I sat in the waiting room on February 8, 2013 in the Cancer Center preparing to tell Dr. Mo that I didn’t want to do this anymore. My treatment was entering the 11th month and my body was bloated and scarred and bore little resemblance to my pre-diagnosis self. I looked around the waiting room and I focused on what I wanted to say to Dr. Mo and settled in to wait for my name to be called. Waiting is something you become very good at as a cancer patient; my mom sat next to me lost in her usual game of Candy Crush Saga on her phone. This situation had been part of my life for almost a year: the two hour trip to Iowa City every other week, wait for a bed, get hooked up to chemo, stay for days, go home, feel awful, get better, then repeat. However, this time I could no longer go in and just face it the way I’ve done in the past.
The chemicals were really starting to take a toll on my body, especially my heart. The methotrexate I was scheduled to take had been cancelled due to my lab results. This meant that I would have only two rounds of treatment remaining—“only” two but it was dependent on the results of my heart scan. Regardless of the result, I planned to tell Dr. Mo that I was done with all treatment.
It all began when I was diagnosed with Osteosarcoma on March 21, 2012 and within weeks I began treatment, then on June 21 2012, I underwent surgery. The surgeon removed the tumor and if the tumor was over 90% dead then I would have a shorter treatment plan; if it was below 90% then the treatment would be more intense. Yet because my heart scan results had not improved I was informed that I couldn’t receive further treatment without risking permanent damage. Though it doesn’t quite sound like it would be, this was indeed good news. This was the day that I waited almost a year for. “No more chemo.” And it was finally over.
I smiled when I heard this news and feelings of joy overwhelmed me. I could get on with my life and not deal with any more side effects. Aside from the doctor appointments every three months, I thought I never had to think about cancer again.
I was wrong.
What I didn’t take into account was just how much this experience had consumed my life. Living and surviving became indistinguishable. Together with the nausea, the doctor visits, the questions from friends and family, the pills and treatments, and the pain, being a cancer patient became who I was. My return to the real world after the chemo was extremely difficult. I simultaneously wanted to talk about it and to NOT talk about it.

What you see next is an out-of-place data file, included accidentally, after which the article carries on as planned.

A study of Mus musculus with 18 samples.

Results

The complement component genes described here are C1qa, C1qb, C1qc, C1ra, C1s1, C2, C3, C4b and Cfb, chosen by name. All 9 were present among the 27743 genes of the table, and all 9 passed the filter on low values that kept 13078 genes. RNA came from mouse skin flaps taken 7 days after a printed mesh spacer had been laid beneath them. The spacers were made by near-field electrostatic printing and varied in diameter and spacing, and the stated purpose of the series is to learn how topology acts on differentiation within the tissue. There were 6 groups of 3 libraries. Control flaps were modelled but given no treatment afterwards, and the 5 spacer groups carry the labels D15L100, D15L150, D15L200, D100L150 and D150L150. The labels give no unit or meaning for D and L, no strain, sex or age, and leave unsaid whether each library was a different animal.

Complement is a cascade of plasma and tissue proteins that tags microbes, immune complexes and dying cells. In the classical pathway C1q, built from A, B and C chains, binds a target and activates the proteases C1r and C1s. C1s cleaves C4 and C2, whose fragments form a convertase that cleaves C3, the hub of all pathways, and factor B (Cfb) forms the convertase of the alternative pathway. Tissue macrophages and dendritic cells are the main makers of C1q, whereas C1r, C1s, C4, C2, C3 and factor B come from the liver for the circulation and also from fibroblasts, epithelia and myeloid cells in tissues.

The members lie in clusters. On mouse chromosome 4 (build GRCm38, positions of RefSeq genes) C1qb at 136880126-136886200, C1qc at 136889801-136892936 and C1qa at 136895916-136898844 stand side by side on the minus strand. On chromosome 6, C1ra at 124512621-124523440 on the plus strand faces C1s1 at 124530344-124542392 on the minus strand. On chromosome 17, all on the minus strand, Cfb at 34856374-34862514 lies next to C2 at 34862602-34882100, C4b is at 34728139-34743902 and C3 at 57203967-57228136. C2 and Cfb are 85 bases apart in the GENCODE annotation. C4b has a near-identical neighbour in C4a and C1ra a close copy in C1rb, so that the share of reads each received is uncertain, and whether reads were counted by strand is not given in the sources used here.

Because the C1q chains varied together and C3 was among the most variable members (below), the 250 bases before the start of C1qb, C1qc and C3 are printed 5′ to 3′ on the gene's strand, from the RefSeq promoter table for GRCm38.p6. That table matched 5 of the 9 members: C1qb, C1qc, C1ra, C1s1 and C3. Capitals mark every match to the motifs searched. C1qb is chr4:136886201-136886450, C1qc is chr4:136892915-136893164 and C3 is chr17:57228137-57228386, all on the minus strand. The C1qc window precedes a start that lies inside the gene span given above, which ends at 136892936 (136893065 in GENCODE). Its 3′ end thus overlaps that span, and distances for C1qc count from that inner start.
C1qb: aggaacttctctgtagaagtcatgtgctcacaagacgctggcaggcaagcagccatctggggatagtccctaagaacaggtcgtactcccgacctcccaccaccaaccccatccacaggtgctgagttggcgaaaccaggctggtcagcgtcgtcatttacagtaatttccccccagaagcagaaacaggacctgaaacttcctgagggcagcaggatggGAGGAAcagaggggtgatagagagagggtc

Yet life goes on and my life had to continue to move forward. My hair was growing back, I was losing weight and I had more energy than I’d had in a long time. The mindset I had throughout chemo was that each round was a victory and that every small nauseating triumph would accumulate to success overall. And what is cancer but a concentration of painful battles? If I had won against that, then surely I deserved to live without any more inconvenience.
Again, I was wrong.
Without this understanding I might have gone through life thinking that the world owed me something and that every hardship had to be reimbursed. What if I spent the rest of my life asking “why me?” or cursing the wind every time my leg hurt, then there would be no time to appreciate the fact that I made it through the treatment. Sometimes, often times, life is unfair. But that is only part of the picture and a small one at that. Maybe this is the real lesson I learned.
It’s been 29 months since my chemo ended and I’m still not sure I’ve really ever left that waiting room. What remains though after spending so much time waiting and reflecting on my life, is an enormous appreciation for those who supported me throughout this journey. The fact that so many people supported me, including my wonderful family who sat alongside me in the hospital all those days bored out of their minds and not knowing what the future holds. To the doctors and nurses who were able to balance their work responsibilities while being kind and compassionate, proves to me that people are capable of extraordinary acts of kindness and strength. It is because of them that I made it through an otherwise horrific experience, and it is because of them that I appreciate life so much more now.